Everyone wants a magic formula to create the perfect lifestyle and to know they are doing things right. If we just had this formula, then happiness and success would invade and take over our lives. Sure. That would be great. But there’s a good reason that no such magic formula exists. The things in my life that fulfill me might terrify, bore, exhaust, or disgust others, and vice versa. The trick here is to find what works for you, your spouse, your family. Why is this an important topic for those in education? Who we are, how we are, and what we do affects our ability to be our best for the students and staff we work with every day. And since I brought it up, keep in mind that my best, your best, and (insert your colleague’s name here)’s best will not look the same any more than our work and life dynamic does. We aren’t the same, so we need to stop comparing and start finding what works for us as individuals, couples, and families.
Building off of my last post about finding your own joy, happiness, and fun in order to bring those elements to your classroom, take a few minutes to examine your lifestyle and habits. Are you merely existing, make it day by day, just barely? Are you finding yourself content, miserable, overwhelmed, satisfied, bursting with joy and energy? (Time to self-reflect, folks.) Have you built something into your morning routine that ensures you’ll be angry, upset, fired up, pumped up, joyful when you get your students (for you elementarians–shut up, spell check, it’s a word…now) or first students of the day (for us high school and some middle school peeps)? Yes, how you start each day matters. Figure out what triggers your negative emotions or attitudes and change anything in your daily morning routine that may feed those negatives.
Unbalanced life. Sounds wrong, doesn’t it? But maybe it’s the right way of thinking. I’ve seen a lot of blog posts and other articles surfacing recently about the power of failing in education and learning, the need to share failures instead of hiding them, and yesterday I watched a powerful TED Talk by Brené Brown where she weaves the story of her discovery that vulnerability in life was the key to courage, creativity, and more. Taking risks in education will involve vulnerability. It involves getting out of our comfort zones. I’m not going to hit you all (y’all) over the head with this concept, but if we as educators want to challenge your students, then we need to be willing to challenge ourselves. Every so often, I think of an area in my life where I’m clearly in my comfort zone, and I get out of it. I start small. If I see that I am constantly choosing to wear tennis shoes with jeans, (hazard of coaching), then I take a break from that zone and choose a different style of shoe for a set time (more than a day or week in length). If I don’t like getting up in front of people and speaking, singing, presenting, praying, participating, debating, whatever, I make myself do it. If you start rocking things in your own life, that will help you grow as a person and educator.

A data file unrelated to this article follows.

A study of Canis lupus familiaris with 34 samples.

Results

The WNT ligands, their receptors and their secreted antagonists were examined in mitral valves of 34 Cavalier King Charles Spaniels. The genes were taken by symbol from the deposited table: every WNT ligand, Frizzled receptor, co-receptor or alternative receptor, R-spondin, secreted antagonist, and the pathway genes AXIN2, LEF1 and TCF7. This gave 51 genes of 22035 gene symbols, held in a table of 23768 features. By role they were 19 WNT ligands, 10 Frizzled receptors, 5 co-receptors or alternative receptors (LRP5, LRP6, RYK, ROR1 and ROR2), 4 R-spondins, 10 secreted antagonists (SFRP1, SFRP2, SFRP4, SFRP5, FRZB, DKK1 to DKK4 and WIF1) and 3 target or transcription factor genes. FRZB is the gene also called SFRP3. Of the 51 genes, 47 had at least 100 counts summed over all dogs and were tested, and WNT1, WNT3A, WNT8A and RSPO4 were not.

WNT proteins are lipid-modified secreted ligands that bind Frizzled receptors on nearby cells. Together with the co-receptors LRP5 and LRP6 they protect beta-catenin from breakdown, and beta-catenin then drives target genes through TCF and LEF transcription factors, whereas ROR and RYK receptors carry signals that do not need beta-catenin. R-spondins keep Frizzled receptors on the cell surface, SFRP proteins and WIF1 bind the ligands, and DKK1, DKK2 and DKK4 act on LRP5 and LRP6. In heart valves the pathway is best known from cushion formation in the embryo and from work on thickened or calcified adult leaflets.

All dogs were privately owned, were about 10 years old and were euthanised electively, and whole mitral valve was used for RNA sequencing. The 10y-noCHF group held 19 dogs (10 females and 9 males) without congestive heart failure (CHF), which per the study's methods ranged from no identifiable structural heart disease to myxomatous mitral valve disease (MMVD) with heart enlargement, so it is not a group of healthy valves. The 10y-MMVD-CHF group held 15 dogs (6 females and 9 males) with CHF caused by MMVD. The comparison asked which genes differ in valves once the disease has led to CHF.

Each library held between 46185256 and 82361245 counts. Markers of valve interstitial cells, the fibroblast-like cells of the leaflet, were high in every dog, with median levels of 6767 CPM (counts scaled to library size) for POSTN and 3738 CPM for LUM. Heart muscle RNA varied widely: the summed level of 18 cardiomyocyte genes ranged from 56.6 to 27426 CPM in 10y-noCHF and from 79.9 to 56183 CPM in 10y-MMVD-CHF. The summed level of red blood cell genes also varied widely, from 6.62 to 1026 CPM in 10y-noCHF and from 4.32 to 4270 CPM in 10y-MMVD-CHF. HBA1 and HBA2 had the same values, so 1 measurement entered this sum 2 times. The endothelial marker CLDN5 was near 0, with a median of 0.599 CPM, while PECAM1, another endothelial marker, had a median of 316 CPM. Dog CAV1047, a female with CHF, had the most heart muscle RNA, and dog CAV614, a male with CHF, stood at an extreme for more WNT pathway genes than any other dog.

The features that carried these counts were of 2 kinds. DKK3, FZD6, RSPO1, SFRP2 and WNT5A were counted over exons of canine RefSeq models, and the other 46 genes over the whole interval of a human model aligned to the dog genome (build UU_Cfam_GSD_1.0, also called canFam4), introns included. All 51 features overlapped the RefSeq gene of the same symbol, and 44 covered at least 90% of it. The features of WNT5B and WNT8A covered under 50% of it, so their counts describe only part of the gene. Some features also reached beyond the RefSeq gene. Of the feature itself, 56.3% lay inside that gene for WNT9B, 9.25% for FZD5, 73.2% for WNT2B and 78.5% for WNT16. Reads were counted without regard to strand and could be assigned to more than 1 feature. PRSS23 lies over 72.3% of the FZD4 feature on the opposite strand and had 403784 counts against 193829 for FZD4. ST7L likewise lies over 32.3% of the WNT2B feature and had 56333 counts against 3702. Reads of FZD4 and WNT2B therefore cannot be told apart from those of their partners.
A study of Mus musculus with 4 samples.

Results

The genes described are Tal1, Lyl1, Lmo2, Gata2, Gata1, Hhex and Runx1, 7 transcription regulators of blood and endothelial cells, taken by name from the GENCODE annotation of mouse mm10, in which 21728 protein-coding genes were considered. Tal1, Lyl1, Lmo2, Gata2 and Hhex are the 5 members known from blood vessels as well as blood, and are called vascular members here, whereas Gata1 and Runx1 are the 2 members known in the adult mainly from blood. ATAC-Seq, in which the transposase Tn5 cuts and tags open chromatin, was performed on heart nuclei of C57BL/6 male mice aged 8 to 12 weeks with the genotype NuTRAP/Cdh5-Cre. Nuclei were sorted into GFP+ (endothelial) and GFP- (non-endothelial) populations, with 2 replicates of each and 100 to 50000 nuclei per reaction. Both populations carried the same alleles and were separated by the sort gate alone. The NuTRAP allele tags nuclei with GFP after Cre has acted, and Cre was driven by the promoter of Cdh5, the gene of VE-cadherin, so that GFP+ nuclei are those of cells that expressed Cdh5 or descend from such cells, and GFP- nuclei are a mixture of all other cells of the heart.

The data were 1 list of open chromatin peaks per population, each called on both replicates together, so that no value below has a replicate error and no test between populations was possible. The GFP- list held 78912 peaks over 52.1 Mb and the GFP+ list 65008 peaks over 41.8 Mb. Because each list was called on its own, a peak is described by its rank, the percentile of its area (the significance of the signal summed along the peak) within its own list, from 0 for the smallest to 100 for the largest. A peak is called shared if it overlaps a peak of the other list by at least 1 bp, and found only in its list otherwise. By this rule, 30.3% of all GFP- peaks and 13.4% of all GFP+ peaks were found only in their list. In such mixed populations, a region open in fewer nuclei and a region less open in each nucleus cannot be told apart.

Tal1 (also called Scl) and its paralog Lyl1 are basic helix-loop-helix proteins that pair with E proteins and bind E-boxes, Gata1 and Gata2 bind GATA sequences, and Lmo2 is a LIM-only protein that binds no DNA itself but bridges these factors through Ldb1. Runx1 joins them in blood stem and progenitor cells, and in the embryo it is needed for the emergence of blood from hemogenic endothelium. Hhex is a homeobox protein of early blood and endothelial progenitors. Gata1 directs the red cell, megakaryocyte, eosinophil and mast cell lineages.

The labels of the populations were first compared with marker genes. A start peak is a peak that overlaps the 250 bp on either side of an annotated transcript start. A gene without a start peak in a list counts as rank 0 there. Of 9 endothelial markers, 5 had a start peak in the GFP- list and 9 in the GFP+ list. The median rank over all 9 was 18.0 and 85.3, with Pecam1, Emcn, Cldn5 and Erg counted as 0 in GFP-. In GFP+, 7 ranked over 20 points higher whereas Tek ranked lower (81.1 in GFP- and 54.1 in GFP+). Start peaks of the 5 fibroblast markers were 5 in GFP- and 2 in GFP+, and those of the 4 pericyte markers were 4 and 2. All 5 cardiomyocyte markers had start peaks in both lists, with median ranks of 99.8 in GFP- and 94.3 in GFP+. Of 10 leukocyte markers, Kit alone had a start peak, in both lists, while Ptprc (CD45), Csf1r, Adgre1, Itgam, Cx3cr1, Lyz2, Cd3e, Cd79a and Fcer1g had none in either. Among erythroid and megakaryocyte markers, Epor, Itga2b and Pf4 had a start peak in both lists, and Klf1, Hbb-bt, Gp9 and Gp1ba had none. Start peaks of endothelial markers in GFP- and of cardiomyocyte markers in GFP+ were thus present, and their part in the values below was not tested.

I don’t think of my life or lifestyle in terms of balance. I like the thoughts posed by Kelly Christopherson in his recent blog that challenged educators on this subject. He quotes Chris Brogan from his post on this subject (told you it was popular right now) in that balance is not what we should seek, but instead, we should seek to THRIVE. As I read and pondered this, I realize that although my life is crazy and busy, it is how I thrive. I am now considering my life in terms of unbalance. My husband (tech director for my district) and I could beat some of you in a “how busy are you” contest, but I’m also sure others would beat us at this game. For us, busy is part of how we thrive. It keeps us challenged and unbalanced. We attend every school event we possibly can (EVERY school event we can, not just band, or just art, or just sports.), sing (me) and play lead guitar (him) in a local contemporary (rockin’) Christian band, hold leadership roles at school, follow our 11 year old son around on his travel basketball and baseball teams, currently assistant coach for two sports (me, but that means he has to attend softball and volleyball games and act as admin or field maintenance crew as needed), sing (me) and play guitar (him) for our church praise team, and the list actually goes on. We are seldom home, but we enjoy this. We challenge ourselves. We put ourselves out there.
The first few concerts (gigs) we did as a band were terrifying and exhilarating. That probably pushes me the most out of my zone, the singing. It’s much easier in the car, singing with the radio. I’ve sung for crowds of a hundred or more, and sometimes that is less scary than singing for a small church crowd on a Sunday morning. But I’m glad I do it, each and every time, despite the fear, nerves, and mistakes. There are and will always be mistakes. Vulnerability. It’s there too, and that’s okay. Not fun, but it is necessary. For all of us. Take some time this summer to discover what pushes your comfort zone boundaries the most, then do it. See if you can create a lifestyle that helps you thrive as a human, then turn that energy toward your classroom, and turn up the heat. Let’s grow things: ourselves, our students, our colleagues. When you get comfortable with that, turn your energy toward the world. Turn up the heat. Rather, rinse, repeat.